Unfortunately, the way Clayton describes how he tried to do it is not the way to go about it.
The problem is when you are connected wirelessly to the Internet, say with a laptop or mobile phone, that device stays connected to that first router until it loses the signal completely when you get too far from it. So, the way Clayton has it set up, it won't connect to the router on the other side of the house until it completely loses the signal from the first router.
There's a couple of ways to approach this. First, you can buy a router with better range.
I've had really good luck with Netgear routers. Like most, they support dual-band frequencies so your router can work without getting interference from other appliances such as cordless phones. But it also boasts superior range, which I've found to be true after testing five routers from other brands. By now, I'm sure companies such as Belkin, Linksys and D-Link offer good range for wireless connectivity.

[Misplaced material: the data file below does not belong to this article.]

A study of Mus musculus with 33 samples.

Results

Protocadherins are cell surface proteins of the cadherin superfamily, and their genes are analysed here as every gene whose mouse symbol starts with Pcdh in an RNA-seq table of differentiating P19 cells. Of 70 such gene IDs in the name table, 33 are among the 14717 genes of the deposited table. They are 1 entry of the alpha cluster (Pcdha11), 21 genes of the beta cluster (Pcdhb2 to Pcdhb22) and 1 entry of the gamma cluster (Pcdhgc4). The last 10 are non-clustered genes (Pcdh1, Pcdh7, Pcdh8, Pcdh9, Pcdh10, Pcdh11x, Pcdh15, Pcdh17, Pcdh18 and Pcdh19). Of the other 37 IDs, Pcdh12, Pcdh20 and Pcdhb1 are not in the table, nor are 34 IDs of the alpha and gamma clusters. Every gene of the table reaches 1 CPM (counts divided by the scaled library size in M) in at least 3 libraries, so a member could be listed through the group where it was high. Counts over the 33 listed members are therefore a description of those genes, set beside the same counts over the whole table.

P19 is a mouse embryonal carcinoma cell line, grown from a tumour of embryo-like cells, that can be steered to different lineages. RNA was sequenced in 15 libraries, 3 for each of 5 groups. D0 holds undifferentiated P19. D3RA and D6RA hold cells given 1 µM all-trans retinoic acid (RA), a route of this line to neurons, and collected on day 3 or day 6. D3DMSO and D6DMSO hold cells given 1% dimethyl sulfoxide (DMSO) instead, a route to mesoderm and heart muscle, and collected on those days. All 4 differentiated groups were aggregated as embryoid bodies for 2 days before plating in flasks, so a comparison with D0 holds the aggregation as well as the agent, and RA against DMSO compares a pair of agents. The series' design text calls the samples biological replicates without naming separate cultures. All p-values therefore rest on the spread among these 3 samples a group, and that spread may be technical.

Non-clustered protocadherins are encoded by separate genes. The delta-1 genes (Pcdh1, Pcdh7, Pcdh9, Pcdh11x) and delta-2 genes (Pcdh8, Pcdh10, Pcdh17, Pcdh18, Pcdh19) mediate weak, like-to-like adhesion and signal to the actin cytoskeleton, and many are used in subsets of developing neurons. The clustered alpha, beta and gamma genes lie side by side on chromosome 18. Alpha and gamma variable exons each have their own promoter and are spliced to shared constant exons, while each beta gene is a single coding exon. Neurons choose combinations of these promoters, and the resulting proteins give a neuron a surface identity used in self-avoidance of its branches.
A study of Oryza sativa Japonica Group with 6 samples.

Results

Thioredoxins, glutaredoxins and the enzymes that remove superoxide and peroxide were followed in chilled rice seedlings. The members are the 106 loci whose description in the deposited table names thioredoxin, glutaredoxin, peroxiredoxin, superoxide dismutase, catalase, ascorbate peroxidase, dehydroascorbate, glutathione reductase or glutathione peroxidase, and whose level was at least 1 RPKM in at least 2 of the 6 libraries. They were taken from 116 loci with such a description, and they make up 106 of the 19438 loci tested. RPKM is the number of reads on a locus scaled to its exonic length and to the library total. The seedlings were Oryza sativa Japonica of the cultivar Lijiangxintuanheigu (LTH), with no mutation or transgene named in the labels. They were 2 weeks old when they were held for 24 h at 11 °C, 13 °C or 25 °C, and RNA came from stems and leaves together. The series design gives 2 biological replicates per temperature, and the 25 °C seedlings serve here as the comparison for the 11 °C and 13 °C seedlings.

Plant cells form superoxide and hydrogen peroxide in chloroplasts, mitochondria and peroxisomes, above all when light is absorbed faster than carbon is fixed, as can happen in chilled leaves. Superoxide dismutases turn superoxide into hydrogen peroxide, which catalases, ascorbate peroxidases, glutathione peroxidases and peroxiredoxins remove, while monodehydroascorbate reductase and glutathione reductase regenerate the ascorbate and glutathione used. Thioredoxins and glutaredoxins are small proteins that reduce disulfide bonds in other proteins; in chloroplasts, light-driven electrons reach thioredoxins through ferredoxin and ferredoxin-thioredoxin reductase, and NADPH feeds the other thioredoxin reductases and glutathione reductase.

The second solution is to get a WiFi range extender. It's a box you set up in your home away from the router. It then boosts the wireless signal from your router to dead spots in your home. Netgear even sells a version that kind of looks like one of those AC-powered air fresheners that you just plug into a power outlet.
Range extenders can run from $50 to $70, which is on average the same price as if not cheaper than a second router.
It takes trial and error to find the sweet spot. Distinctive factors in each person's house, such as what walls are in the way and which other electrical devices are nearby that can cause interference, can affect the speed of your router.
My suggestion is to take the time to test several models in your home to find the best one. Just make sure you purchase them from a store that has a good return policy.
If you have a question for Vince, email him at email@example.com, and he'll try to answer it for his column in The Salt Lake Tribune or on its website. For an archive of past columns, go to www.sltrib.com/topics/ohmytech.